SS-169 V-7 Dolphin
V-7 was approved in the FY1930 building program. She was a scout cruiser submarine, originally given the designation SF-10, then SC-3. During construction, she was renamed Dolphin in February 1931 and designated SS-169 in July 1931. She commissioned in June 1932.
The penultimate design in the V-boat series was laid down at Portsmouth in June 1930 and emerged as USS Dolphin (formerly V-7, SS-169) two years later. With a length of 319 feet and a displacement only a little more than half that of her three predecessors, Dolphin was clearly an attempt to strike a happy medium between those latter ships and earlier S-class submarines, which were little more than large coastal boats.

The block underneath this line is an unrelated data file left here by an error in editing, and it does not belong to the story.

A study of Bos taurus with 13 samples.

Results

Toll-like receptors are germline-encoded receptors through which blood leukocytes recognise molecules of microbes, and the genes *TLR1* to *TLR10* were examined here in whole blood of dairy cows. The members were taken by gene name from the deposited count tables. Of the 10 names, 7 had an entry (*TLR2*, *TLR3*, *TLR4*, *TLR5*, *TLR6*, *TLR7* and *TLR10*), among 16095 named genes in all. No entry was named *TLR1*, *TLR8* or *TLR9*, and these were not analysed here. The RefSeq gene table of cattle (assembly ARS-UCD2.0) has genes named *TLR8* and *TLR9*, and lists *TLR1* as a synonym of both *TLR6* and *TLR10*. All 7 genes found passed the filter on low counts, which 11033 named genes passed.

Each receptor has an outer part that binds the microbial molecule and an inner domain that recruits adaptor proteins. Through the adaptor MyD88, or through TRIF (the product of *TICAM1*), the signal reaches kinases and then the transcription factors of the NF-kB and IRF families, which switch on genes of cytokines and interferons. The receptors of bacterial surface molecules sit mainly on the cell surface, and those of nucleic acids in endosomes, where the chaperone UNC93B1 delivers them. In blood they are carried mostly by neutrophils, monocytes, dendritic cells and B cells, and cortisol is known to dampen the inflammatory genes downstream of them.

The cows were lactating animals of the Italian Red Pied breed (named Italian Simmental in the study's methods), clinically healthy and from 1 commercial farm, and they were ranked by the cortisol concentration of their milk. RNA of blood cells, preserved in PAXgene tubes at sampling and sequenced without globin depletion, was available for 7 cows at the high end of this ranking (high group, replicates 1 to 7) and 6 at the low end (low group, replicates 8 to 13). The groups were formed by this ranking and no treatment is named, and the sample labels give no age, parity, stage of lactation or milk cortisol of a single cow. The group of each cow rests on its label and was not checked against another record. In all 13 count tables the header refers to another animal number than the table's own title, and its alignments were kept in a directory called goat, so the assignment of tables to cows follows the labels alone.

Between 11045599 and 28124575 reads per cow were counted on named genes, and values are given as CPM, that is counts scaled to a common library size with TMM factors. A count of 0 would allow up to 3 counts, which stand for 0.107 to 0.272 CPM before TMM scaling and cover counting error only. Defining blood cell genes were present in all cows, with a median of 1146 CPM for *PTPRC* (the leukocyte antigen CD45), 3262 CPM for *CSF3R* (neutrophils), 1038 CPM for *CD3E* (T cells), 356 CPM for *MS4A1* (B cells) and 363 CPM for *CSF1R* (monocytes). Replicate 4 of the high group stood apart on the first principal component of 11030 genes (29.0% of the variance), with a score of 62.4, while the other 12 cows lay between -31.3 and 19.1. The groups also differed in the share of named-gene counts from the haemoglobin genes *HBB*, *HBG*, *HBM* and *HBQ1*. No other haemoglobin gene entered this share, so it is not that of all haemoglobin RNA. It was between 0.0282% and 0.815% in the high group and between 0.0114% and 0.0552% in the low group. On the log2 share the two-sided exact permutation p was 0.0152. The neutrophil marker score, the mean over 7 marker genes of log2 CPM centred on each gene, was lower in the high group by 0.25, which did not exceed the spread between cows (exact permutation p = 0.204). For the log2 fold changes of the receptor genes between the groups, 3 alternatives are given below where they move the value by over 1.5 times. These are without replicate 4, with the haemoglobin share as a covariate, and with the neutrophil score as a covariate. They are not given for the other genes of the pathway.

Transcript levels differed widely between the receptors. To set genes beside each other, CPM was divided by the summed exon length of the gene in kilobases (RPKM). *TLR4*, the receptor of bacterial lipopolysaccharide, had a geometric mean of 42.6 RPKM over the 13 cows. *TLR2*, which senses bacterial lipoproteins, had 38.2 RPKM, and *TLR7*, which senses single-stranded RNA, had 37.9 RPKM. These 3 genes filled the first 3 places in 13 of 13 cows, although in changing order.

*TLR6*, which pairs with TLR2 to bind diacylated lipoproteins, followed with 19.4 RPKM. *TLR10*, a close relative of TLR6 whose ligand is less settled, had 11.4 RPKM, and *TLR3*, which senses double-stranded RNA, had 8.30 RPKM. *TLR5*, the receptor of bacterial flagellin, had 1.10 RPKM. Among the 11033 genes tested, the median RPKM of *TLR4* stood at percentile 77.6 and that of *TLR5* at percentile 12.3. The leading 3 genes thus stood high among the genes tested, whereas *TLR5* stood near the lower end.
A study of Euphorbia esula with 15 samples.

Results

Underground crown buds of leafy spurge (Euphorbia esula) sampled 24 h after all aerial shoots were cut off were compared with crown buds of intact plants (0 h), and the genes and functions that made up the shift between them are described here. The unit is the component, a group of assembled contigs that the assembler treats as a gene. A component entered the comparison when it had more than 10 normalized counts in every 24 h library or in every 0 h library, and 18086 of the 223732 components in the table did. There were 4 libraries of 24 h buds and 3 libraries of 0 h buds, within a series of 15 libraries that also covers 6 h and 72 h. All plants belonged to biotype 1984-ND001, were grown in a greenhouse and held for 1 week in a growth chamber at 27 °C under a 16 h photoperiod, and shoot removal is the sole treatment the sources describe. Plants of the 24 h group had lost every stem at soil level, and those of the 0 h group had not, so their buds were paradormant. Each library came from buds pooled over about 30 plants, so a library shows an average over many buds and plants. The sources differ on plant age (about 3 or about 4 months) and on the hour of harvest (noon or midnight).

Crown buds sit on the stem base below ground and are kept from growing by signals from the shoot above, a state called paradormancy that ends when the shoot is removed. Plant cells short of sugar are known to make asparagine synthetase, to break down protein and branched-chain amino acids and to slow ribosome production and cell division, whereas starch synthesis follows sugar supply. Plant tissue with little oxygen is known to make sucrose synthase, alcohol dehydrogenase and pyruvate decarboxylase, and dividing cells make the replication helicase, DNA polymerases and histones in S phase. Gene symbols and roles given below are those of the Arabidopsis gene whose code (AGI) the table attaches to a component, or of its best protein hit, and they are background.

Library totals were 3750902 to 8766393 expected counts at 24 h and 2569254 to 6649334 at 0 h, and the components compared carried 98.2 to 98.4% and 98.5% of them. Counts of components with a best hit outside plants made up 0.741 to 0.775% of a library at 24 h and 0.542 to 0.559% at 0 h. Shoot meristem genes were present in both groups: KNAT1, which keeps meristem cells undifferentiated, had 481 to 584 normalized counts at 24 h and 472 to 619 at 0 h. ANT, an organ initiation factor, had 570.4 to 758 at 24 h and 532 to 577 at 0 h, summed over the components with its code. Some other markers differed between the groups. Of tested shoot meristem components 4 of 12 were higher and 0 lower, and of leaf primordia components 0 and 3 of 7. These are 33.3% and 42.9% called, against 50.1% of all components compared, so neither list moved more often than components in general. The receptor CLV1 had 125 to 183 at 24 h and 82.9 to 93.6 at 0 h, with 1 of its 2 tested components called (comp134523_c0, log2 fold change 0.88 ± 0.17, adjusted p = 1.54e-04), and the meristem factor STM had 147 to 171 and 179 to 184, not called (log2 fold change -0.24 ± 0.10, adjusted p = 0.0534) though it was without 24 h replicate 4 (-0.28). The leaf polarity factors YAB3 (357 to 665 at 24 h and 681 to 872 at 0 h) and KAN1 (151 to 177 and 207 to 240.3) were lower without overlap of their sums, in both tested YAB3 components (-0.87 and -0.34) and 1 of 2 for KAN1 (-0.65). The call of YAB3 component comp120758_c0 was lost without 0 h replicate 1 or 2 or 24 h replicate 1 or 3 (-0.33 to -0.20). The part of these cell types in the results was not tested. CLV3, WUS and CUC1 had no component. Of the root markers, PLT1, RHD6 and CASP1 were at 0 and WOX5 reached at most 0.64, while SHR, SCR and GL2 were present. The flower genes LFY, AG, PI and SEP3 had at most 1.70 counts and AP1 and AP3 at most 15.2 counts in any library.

The general arrangement of propulsion machinery was identical to that of V-5 and V-6, but even with a surface displacement of only 1,718 tons, Dolphin's scaled-down main engines - 1,750 horsepower each - could only just deliver the surface speed of the larger ships, and her endurance and torpedo load-out were much reduced. Interestingly, however, Dolphin's size and weight were very nearly ideal for the range and duration of the war-patrols that became customary in the Pacific during World War Two, and indeed, the war-time Gato (SS-212), Balao (SS-285), and Tench (SS-417) classes had similar dimensions.
Early in the war, Dolphin herself made three patrols from Pearl Harbor without notable distinction, and her deteriorating material condition soon led to restricting her to training duties - first in Hawaii, and then in New London for the duration of the war. She was decommissioned in October 1945 and sold for scrapping a year later.